Lee Felsenstein, CTO, Fonly LLC
Date: Thursday, March 17
Time: 1:45pm - 2:30pm
Location: California Ballroom C
Widespread perceptions that the technologies embraced by industrialized countries do not help--and in some ways--hurt the large number of people in underdeveloped countries presents a fundamental source of danger in the form of terrorism. The events of 9/11 have brought this point to the world's attention.
Industrialized nations therefore have a self-interest in fielding technological systems which perceptibly improve life at the grassroots level in underdeveloped countries, inhibit or reverse migration from rural to urban areas, and raise the level of education and literacy, particularly among women. The challenge is to build an industry whose products enhance individual and community life in a sustainable, locally-controllable way, primarily through communications.
Pilot projects are under way in various locations which combine low-cost computers, telecommunication, wireless, and alternative energy technologies to meet expressed needs of people on the margins of the global economy.
We will discuss several of these projects in this session, including the Jhai PC System (or "Pedal-powered Internet"), the "Motoman" project linking five Cambodian schools to the Internet through mobile access points carried on motorcycles, the Ecopartners projects in the Dominican Republilc, as well as others.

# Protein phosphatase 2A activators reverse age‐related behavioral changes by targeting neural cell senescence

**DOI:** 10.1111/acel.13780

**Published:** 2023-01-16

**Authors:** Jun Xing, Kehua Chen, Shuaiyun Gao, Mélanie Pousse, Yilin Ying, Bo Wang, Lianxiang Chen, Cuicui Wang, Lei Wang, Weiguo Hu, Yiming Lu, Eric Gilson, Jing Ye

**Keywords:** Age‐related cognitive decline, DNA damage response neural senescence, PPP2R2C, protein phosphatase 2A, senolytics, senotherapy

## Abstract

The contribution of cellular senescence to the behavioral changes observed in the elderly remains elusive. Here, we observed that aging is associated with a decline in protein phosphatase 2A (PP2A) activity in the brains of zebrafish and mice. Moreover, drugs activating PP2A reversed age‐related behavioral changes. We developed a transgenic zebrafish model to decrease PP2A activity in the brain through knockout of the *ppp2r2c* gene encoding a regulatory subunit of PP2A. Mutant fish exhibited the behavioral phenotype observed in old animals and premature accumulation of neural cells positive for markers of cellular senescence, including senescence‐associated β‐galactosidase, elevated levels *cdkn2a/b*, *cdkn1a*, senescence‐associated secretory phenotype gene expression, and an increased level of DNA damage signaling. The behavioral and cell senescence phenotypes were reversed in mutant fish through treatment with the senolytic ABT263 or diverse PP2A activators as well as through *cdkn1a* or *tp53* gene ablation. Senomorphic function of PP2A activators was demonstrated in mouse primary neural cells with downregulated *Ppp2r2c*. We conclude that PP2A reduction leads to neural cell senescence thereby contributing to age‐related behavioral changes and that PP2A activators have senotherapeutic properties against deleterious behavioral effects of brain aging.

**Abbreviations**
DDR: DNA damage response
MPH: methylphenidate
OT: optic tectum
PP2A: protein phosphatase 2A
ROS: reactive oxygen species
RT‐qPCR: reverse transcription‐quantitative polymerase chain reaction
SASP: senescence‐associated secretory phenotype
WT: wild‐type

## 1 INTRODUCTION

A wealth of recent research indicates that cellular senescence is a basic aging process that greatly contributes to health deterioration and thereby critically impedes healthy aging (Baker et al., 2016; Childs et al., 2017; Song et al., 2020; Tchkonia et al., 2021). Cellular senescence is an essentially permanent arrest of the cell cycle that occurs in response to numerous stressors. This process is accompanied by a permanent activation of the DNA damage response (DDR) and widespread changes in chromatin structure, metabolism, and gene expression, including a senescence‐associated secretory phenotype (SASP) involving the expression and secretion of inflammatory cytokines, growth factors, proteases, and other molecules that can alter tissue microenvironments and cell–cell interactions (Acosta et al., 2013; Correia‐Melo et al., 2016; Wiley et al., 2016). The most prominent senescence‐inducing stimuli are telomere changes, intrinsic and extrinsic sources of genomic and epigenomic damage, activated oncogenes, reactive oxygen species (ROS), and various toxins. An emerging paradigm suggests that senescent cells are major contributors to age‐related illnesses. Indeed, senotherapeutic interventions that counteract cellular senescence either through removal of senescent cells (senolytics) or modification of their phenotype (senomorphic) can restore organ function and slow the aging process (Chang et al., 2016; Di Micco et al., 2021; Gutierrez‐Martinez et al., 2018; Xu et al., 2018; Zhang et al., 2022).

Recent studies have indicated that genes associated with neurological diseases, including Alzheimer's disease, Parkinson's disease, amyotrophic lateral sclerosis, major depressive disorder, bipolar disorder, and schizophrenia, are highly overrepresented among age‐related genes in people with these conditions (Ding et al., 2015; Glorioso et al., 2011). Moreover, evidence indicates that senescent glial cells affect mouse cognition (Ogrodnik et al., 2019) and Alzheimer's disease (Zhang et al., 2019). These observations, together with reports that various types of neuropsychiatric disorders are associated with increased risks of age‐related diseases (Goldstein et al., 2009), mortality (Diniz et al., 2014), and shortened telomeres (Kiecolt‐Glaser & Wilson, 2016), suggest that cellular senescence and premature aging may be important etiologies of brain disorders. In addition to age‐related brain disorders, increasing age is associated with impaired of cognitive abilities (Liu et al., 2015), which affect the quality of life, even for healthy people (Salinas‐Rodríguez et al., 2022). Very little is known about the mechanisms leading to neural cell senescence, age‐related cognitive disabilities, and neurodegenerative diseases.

Systems of this sort combine low-cost, high-reliability hardware with open-source software and high-volume, low-cost wireless equipment. They must be designed to be operated by members of the local community and require substatntial community buy-in and understanding of choices.
We will discuss the design process, particular problems presented by the environment, and the opportunities presented for growth of a self-sustaining industry which serves this vast potential market.